Joan is off in Florence (yes, Florence, Italy, not Florence, Nebraska) speaking at the Global Interoperability and Linked Data in Libraries Seminar, so I’m stepping in to report on last week’s meeting of the Decimal Classification Editorial Policy Committee (EPC)—Meeting 135—held in Dublin (yes, Dublin, Ohio, not Dublin, Ireland—hmm, that just doesn’t have quite the same ring to it, does it?). Stay tuned for a report from Joan on the Florence meeting later this week.
This EPC meeting had a strong people component to it—and we’re not talking Table 1—08 Groups of people here.
- EPC welcomed two new committee members: Pat Riva, Coordinator of the Monographs Section in the Cataloguing Directorate for Heritage Collections (Direction du traitement documentaire des collections patrimoniales) at Bibliothèque et Archives nationales du Québec (BAnQ) in Montreal, Canada, and Gert de Jager, Subject Cataloguer, Unisa Library, University of South Africa in Pretoria, South Africa. Incidentally, Pat is also speaking at the Florence seminar.
- EPC celebrated the Queen’s Diamond Jubilee by re-electing Caroline Kent (British Library) as chair and electing Jonathan Furner (UCLA, but, as you may recall, formerly an assistant editor of the DDC) as vice-chair (you can take the Englishman out of the British Isles, but fortunately the accent lingers on). Jonathan replaces Anne Robertson (Australian Committee on Cataloguing), who had served the maximum number of years as vice-chair.
- EPC passed a resolution congratulating and offering best wishes to Jay Jordan, outgoing president and CEO of OCLC. As the resolution noted, Jay has “unfailingly [advocated] and [supported] the mission of the Dewey Decimal Classification;” we trust he will remain “a Friend of Dewey.”
- Where’s the picture of all these people? you ask. Remember our trusty photographer Giles Martin, who retired from his position as assistant editor of the DDC last year and returned home to Australia? The lack of an official photograph of the EPC meeting is only one of the more visible losses (pun intended) we have suffered with Giles’ relocation to Australia. (But note that we have not discontinued him! Giles is still contributing to DDC maintenance and development.)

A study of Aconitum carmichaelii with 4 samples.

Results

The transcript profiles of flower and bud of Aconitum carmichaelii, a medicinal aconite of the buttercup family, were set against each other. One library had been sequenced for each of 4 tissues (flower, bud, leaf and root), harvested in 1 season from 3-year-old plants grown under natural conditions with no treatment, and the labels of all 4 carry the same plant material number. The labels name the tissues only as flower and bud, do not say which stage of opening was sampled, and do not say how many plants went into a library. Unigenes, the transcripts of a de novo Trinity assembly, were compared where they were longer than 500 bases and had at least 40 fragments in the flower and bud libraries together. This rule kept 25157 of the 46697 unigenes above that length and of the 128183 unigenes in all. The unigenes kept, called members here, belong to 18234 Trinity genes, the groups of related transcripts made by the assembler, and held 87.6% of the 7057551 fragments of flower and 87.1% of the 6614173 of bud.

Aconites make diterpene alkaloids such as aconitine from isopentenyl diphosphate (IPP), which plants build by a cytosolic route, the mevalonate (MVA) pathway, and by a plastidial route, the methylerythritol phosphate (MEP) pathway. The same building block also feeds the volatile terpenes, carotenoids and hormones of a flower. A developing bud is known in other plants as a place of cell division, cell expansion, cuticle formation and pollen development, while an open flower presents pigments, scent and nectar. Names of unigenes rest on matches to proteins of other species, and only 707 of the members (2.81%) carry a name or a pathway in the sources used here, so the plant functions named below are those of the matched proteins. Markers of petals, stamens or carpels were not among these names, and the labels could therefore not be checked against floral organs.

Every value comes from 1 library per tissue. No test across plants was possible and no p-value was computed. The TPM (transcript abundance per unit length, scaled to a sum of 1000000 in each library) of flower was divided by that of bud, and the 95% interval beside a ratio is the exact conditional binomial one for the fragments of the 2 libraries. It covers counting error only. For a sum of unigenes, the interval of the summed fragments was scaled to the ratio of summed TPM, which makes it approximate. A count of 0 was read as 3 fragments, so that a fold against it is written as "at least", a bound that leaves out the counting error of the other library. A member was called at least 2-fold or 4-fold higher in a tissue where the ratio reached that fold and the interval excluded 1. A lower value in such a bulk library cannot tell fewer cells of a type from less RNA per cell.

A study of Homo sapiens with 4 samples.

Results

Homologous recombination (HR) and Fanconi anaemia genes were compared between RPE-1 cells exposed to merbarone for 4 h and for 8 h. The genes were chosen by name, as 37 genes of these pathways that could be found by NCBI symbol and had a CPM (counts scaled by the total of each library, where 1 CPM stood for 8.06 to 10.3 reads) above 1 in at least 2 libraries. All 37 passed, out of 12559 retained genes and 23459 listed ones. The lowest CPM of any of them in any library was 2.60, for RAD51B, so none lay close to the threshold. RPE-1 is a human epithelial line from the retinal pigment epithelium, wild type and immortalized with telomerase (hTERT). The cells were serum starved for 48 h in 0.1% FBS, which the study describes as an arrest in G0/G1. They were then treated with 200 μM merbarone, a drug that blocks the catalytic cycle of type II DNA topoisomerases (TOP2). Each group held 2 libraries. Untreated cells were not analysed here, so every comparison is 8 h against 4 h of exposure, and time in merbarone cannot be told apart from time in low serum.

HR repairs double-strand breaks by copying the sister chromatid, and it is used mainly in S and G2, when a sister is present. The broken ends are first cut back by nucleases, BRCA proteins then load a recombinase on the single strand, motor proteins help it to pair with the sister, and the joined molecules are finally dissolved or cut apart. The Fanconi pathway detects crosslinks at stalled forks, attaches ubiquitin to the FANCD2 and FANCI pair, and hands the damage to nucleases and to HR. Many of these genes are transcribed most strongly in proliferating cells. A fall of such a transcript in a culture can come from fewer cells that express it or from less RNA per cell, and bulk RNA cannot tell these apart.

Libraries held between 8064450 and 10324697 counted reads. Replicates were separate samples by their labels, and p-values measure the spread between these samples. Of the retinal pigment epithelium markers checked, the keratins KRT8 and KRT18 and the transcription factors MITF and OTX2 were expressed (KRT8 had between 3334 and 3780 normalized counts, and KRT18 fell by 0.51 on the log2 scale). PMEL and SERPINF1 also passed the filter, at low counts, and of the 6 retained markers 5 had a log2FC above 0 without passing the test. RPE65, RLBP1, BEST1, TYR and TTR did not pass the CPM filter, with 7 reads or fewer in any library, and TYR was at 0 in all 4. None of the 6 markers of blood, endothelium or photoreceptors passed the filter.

The agenda included proposals related to modifications to EPC work methods and DDC development (for example, how can data from WorldCat be used to inform development of the DDC?), new editorial rules for segmentation and for oceans and seas, and updates to the classification. More particularly, a new standard subdivision for archaeology is coming; small updates to the classification in Table 2 Geographic Areas were approved, as were updates in 004-006 Computer science and 330 Economics. The committee considered discussion papers on Islamic law; the treatment of marriage, partnerships, and unions in the DDC; and the possible adoption of a new taxonomic basis for 583-584 Angiosperms. The committee approved follow-up discussion and consultation on all but the last.
The committee had a wide-ranging discussion on engaging with Dewey users and the role of social media. The agenda also included presentations on modeling topics in the DDC, DDC research, DDC training, edition-level metadata, Dewey linked data, data provenance, upcoming enhancements to WebDewey 2.0, and the virtual chronological/regional religion browser.
Two follow-up electronic meetings have been scheduled: Meeting 135A will take place the first week in October and will focus on Islamic law, while Meeting 135B has been scheduled for the first week in November to consider a revised proposal on marriage, partnerships, and unions. The next face-to-face meeting of EPC—Meeting 136—will be held at OCLC headquarters in Dublin, Ohio, 13–14 May 2013.